The morning after our low-tide struggle, we moved T2 about two-thirds of the way across the bay to be nearer to the village. Originally we had been anchored at least a mile and half away behind the protection of a sand bar. The thought was to save the strain on the dinghy (our prop is still slipping) of making the two round trips to bring Sera and Freddie out for their visit to Tackless. Tuned in now to how these things are done, I had coffee or tea ready along with biscuits and jam and the ever popular banana bread muffinettes. Sera and Freddy got the tour of the boat, and then we all watched Don's video from the previous day.
Sera and Freddie were leaving that afternoon to go to another village to pick oranges. Since they would be gone until the next afternoon, this seemed to provide the most painless time to move on. Even in such a short time, even despite less than perfect communication, these friendships become intense. Sera keeps in touch with her several foreign friends, so we exchanged mailing addresses (to which, of course, I have a lot of photos to send once I can can prints!)
Afterwards, we spent the afternoon where we were and took the opportunity to do several loads of sweaty laundry! Mother Nature smiled on us by reserving her usual afternoon showers.
The next morning we were underway as soon as the sun was high enough to see the reefs. We had no real firm destination in mind, just the waypoints of several possibilities. There wasn't a lick of breeze, so it was definitely a motorboat ride, but at least this gave us the chance to really top up the new batteries.
Landward the striking rock outcrops of the Monkey Face peninsula gave way to an even ridgeline behind a fairly smooth foreground. Here and there we saw a roofline or a column of smoke to suggest a village that might or might not be indicated on the chart, but most the noticeable difference was that these hillsides were thickly forested.
We motored most of the day generally northeastward through clumps of islands and reefs, impressed with both the accuracy of CMap and the Fijian nav aids, although in most cases the topmarks had been replaced by birds!
Near the outflow of the Dreketi river we crossed paths with two men in a fishing boat. The boat was piled high with net, and a reasonable pile of fish lay in the shade in the bottom of the boat. In the heat of the windless day, the men wore several layers of clothing, including shirts wrapped around their heads. When they pulled up to chat, we gave them some cold water to drink.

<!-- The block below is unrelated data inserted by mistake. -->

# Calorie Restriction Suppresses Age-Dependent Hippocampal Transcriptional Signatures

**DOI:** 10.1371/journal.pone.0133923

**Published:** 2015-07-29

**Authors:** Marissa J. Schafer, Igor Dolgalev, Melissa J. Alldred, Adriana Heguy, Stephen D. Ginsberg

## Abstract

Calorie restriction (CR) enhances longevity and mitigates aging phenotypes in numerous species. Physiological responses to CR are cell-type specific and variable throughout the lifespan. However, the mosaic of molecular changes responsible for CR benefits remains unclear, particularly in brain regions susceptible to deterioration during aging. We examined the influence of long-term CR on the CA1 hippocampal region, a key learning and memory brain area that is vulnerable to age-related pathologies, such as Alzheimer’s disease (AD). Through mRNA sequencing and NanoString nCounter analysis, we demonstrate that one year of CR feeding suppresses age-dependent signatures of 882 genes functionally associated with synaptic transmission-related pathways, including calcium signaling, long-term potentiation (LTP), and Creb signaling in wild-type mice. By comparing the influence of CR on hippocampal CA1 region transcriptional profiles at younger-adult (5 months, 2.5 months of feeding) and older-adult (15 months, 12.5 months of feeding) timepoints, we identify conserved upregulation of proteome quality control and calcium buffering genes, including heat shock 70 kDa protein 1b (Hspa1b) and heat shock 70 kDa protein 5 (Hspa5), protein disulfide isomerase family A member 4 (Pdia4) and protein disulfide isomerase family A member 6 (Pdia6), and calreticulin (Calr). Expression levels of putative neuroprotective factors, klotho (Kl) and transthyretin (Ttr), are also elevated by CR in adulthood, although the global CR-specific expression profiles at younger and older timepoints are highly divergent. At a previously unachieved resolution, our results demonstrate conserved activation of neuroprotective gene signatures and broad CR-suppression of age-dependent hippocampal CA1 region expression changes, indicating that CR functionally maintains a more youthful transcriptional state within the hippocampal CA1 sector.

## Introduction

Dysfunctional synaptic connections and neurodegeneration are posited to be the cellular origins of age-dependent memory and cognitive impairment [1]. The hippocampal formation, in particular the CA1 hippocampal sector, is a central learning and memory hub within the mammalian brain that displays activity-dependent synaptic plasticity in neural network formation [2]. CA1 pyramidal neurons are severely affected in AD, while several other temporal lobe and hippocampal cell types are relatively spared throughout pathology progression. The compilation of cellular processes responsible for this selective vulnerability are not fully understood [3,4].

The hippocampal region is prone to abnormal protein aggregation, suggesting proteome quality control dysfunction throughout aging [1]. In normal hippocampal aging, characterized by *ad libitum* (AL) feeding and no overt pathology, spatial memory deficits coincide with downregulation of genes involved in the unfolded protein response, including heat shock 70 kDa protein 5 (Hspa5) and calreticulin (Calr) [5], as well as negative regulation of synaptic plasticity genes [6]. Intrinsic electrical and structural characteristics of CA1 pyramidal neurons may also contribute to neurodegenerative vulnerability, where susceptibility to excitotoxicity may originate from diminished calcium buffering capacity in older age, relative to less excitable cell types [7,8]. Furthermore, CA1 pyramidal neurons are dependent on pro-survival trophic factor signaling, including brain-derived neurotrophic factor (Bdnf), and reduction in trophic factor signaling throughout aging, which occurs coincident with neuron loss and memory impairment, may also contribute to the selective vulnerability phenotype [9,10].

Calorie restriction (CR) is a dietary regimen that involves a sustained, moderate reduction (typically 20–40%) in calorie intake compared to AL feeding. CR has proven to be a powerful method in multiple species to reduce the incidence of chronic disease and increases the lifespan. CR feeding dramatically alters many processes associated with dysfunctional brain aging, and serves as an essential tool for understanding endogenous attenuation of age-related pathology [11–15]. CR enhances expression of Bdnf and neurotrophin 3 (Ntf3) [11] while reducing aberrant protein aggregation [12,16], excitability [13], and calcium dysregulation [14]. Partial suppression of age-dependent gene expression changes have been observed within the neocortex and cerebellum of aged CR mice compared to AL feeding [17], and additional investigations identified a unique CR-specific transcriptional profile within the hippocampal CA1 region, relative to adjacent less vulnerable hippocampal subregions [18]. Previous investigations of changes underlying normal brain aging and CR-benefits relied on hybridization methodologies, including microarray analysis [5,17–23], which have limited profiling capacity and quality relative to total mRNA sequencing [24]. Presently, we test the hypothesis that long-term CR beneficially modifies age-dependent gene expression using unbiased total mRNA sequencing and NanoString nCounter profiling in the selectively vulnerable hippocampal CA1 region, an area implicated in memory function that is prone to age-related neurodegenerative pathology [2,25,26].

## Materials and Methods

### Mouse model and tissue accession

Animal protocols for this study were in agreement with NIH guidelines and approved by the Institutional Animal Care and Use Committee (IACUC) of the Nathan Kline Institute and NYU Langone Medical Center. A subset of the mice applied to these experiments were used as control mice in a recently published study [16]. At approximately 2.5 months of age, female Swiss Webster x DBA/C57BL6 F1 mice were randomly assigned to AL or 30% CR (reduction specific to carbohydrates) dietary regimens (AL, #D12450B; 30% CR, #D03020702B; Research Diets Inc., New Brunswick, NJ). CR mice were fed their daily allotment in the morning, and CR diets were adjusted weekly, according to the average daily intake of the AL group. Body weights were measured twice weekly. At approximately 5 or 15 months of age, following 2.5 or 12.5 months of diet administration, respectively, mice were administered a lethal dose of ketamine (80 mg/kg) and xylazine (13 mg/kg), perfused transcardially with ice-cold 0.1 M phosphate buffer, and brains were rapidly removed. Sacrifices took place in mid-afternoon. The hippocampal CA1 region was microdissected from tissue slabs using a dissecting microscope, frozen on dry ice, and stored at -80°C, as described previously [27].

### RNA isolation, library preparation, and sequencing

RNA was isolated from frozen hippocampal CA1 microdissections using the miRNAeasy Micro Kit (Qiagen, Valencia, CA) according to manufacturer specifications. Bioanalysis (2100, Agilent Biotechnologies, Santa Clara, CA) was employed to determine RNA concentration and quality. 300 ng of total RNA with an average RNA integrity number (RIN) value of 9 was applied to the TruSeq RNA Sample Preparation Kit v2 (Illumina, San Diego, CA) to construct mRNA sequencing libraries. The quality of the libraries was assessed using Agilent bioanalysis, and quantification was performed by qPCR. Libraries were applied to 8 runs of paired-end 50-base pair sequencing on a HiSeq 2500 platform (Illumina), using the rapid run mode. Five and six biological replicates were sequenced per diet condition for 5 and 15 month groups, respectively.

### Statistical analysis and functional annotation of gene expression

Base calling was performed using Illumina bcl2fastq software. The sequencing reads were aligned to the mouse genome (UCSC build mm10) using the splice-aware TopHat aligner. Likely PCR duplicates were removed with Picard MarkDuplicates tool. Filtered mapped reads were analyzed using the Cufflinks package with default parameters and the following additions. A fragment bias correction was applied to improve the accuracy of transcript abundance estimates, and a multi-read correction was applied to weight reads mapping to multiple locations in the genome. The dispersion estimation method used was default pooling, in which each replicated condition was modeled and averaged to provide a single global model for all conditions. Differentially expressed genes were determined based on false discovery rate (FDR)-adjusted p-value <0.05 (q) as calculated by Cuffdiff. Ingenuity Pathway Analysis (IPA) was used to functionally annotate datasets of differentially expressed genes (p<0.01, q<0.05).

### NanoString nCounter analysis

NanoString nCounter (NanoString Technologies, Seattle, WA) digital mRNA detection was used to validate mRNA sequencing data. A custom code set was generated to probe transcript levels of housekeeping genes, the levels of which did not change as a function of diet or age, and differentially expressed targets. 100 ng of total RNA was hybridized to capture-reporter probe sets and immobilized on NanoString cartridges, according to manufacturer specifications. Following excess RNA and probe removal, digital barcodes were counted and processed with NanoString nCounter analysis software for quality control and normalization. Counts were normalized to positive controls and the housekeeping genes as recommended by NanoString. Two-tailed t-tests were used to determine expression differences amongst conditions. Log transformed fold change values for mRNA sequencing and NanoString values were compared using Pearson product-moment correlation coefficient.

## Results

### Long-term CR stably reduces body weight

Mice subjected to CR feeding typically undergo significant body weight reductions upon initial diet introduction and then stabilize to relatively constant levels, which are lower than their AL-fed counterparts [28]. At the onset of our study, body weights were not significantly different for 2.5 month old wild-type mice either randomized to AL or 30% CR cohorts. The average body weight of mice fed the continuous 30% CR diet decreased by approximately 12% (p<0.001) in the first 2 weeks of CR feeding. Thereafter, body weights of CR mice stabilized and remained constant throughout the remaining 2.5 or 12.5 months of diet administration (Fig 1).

We had been thinking we might explore the Dreketi River by dinghy, a trip that probably would have been really interesting. But given the feeble condition of our outboard, it didn't seem the wisest idea. Alternatively, we considered dropping the hook in the lee of one of the little offshore islands, but the bottom stayed stubbornly at 65'. So in the end we continued on up to Ravi Ravi Point. Once again the mountains, both inland and along the coast, turned lumpy and craggy. making a more interesting landscape. Two possible anchorages were noted in the fourteen-year-old cruising guide. The first turned out to now be a pearl farm, so we gave that a miss, but the bay on the east side appeared open and uninhabited. As much as we enjoyed our village stay at Navigiri, we were ready for a stop with no sevusevu and no dress code. Vunisinu Bay fit the bill.
However, as placid and inviting as it appeared, we came near to disaster on our approach. Being out of the way, there were no handy beacons marking the reef, and of course now the sun suddenly slipped behind a cloud. Don passed the wheel to me and jumped up to the ratlines to keep a lookout. He didn't make the first rung before he shouted, "Left, Left. LEFT!!!!" I swung the wheel to the left and looked right. Bright green corals that looked like they must only be just below the surface slid past the beam and then dropped away with the turn. It took several minutes for our hearts to start beating again. Needless to say Don stayed up in the rigging until we'd found our anchorage in the center of the reefs.
It really is amazing the thin line between good luck and bad. What in fact was a very lucky thing continues to sober us with its nearness to what could have been a major mishap! Of course, they don't call these old CSYs "reef-wreckers" for nothing. The hull would have come out it alright, but we can't be so sure of the rudder and prop not to mention the living reef, that, at a quick glance, seemed pretty healthy!
But this is what being explorers is all about. We are hardly the first cruisers to explore this part of Fiji, but it is off the beaten path. We do have surprisingly good charts to depend on, yet when we "pull off the highway", we are on our own. On the other hand, the rewards of these out-of-the-way places are what it's all about. The sunset and the stars in a sky untainted by civilization is incredible.